Revision as of 16:41, 19 September 2021 by Uncleistvan1BBB (talk | contribs) (obsoleted incidents 4 through 8)

Other resources

  • FAQ – Frequently asked questions about the project and the Toolkit.
  • All articles – Updated list of all substantive articles in the Toolkit. In a printed book, this would be the table of contents.
  • Keywords – Overview of all keywords used across the Toolkit content. Serves the same purpose as an index would in a printed book.
  • Legal concepts – Overview of all legal concepts from different branches of international law used across the Toolkit content.
  • Examples – List of real-world incidents that have inspired the analysis in the Toolkit.
  • National positions – List of publicly available national positions on the application of international law to cyber operations.
  • Glossary – Glossary of the technical terms used in the Toolkit.
  • Short form citation – Abbreviated references for the most commonly used citations in the Toolkit.
  • Bibliography – Bibliography of resources used in the creation and development of the Toolkit.
  • People – List of all people involved in the project (including scenario authors, peer reviewers, research assistants...).
CyberCommand.jpg
Prior to the US midterm elections in 2018, the US Cyber Command implemented a new preventive strategy in order to protect the elections from foreign interference. According to the media reports, the strategy was aimed at preventing Russian individuals from engaging in concerted disinformation campaigns. The targeted individuals were informed that their work and online conduct would be surveilled by the US authorities. However, the US officials did not disclose the number of individuals they had contacted nor the method of transferring the warning to the operators concerned. Scenario 01 of the Toolkit analyses whether specific forms of electoral interference abroad violate rules of international law and scenario 06 considers whether the victim State may engage in countermeasures against an enabling State.

In early May 2019, hostilities flared up again in the context of the armed conflict between Israel and Palestine. According to news reports, hundreds of rockets were fired on Israel, while the Israel Defense Forces (IDF) answered with artillery and airstrikes. Remarkably, the Israeli response included also a kinetic attack allegedly aimed at countering a hostile cyber operation conducted by Hamas. In particular, the IDF announced on Twitter that it had “thwarted an attempted Hamas cyber offensive” and subsequently conducted an air strike against the Hamas Cyber Headquarters. The announcement has sparked a debate whether this operation sets a legal precedent from the perspective of international law. Within the Toolkit, Scenario 03 considers when a cyber operation may qualify as a use of force under international law and Scenario 12 analyses aspects of the law of targeting with respect to cyber operations.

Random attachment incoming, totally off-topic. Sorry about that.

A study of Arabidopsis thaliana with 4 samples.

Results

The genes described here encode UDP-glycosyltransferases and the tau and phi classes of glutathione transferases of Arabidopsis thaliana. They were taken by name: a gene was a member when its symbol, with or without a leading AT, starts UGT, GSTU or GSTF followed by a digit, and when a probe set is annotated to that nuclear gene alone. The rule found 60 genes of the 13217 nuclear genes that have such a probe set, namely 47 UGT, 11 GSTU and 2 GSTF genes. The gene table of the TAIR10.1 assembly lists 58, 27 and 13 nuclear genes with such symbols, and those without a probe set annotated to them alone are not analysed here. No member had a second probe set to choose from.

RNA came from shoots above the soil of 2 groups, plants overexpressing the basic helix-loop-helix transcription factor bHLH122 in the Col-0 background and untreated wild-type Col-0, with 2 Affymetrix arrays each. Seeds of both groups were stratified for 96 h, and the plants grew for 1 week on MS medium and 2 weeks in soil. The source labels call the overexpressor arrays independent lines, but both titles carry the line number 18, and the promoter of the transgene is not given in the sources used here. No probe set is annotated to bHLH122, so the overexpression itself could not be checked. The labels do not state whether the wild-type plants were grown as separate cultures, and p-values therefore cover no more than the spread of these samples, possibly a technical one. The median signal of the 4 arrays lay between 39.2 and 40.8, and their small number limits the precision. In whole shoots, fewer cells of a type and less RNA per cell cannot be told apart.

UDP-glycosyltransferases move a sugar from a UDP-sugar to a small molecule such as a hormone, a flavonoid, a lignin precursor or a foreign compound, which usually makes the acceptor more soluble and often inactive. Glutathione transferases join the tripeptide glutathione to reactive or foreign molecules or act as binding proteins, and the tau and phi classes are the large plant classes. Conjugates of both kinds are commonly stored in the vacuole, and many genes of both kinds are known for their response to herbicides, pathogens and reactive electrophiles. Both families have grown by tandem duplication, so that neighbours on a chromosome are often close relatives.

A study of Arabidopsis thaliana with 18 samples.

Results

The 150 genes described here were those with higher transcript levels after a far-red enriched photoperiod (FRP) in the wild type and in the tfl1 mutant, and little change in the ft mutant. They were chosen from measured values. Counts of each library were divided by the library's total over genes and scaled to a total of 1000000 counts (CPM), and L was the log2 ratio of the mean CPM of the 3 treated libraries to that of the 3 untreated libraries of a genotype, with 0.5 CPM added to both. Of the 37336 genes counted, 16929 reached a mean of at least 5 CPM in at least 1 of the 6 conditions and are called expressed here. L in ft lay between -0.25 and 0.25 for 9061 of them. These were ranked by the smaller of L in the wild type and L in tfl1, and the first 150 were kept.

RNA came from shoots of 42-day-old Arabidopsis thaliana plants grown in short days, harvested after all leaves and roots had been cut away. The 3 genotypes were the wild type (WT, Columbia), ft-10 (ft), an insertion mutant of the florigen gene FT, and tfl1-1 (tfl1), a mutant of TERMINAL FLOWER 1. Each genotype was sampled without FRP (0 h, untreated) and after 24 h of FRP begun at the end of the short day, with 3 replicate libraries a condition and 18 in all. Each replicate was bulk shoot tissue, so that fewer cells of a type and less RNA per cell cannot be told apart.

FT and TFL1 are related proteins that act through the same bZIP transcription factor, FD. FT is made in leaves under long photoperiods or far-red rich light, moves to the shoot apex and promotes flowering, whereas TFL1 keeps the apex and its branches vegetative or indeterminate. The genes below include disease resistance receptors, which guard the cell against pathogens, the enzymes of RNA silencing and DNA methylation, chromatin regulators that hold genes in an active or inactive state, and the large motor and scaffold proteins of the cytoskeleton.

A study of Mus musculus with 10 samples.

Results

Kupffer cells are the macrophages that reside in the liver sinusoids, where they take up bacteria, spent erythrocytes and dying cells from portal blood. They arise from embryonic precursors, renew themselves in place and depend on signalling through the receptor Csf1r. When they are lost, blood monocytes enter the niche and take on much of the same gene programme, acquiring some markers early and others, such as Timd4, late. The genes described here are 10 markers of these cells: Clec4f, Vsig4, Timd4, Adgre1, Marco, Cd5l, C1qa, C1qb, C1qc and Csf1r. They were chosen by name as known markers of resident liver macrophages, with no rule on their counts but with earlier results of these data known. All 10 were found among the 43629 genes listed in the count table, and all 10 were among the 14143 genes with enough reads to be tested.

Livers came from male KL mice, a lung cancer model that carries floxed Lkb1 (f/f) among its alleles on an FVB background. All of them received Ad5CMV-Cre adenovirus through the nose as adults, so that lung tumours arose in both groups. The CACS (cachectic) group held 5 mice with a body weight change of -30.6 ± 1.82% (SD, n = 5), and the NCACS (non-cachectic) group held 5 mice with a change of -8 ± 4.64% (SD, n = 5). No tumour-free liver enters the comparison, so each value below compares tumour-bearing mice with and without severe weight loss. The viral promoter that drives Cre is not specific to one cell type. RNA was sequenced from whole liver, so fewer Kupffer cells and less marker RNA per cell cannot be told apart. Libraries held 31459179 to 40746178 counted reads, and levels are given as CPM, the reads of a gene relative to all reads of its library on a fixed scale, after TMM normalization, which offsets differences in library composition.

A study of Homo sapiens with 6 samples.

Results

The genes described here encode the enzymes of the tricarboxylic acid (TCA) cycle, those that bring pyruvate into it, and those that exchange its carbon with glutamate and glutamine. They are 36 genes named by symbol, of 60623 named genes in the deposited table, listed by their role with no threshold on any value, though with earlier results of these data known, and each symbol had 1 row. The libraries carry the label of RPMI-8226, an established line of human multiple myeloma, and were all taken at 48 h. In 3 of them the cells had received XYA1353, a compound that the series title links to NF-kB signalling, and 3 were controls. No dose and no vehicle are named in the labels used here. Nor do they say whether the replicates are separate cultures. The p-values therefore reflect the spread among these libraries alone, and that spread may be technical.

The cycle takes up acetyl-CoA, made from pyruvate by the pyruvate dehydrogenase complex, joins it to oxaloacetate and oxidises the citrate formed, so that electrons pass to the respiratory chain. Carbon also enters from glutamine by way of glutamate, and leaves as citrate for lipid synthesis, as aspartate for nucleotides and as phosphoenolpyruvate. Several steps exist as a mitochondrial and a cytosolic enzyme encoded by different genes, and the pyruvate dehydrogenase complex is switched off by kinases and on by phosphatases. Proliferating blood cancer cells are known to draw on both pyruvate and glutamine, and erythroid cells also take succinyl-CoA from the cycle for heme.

In September 2019, Huawei released a media statement accusing the US government of “disrupting” Huawei’s business operations with “every tool at its disposal” including the launch of “cyber attacks to infiltrate Huawei's intranet and internal information systems”. The accusation came three days after a Wall Street Journal article which had reported about the US Department of Justice investigations into Huawei for alleged technology theft. In the Toolkit, Scenario 09 assesses the lawfulness of economic cyber espionage under international law. In addition, Scenario 05 considers the legal limits to the exercise of law enforcement by one State in response to malicious cyber operations from another.

In October 2019, the UK’s National Cyber Security Centre (NCSC) and the US National Security Agency (NSA) issued a report on the activities of the hacker group Turla, suspected to be based in Russia. The report claimed that two malicious tools – previously identified as being used by Turla – were Iranian in origin. Allegedly, Turla was now using these tools independently to exploit them for its own intelligence aims. While the report acknowledged the difficulties of attributing cyber operations, it claimed that Turla had had access to Iranian tools and thus had most likely compromised Iran’s operational as well as command-and-control infrastructure. The tools have allegedly been used for espionage against foreign governments, most likely in the Middle East. Within the Toolkit, scenario 02 considers the legality of cyber espionage against government departments and scenario 07 considers the leak of State-developed hacking tools and their subsequent repurposing by malicious actors.

On 20 June 2019, the US Cyber Command launched multiple cyber attacks disabling computer systems that controlled Iran’s rocket launchers and wiping out a critical database of Iran’s Islamic Revolutionary Guard Corps. The attacks were reportedly a direct response to earlier attacks against oil tankers in the Persian Gulf and the downing of an American surveillance drone after it had allegedly entered Iran’s airspace. Iran has denied all responsibility for the tanker attacks. The cyber attacks were conducted the same day that President Trump called off a military strike against Iran and were reportedly intended to remain below the threshold of armed conflict. The Toolkit considers whether specific cyber operations amount to uses of force in scenario 03 and scenario 14. Moreover, scenario 13 examines when cyber operations may trigger the application of international humanitarian law.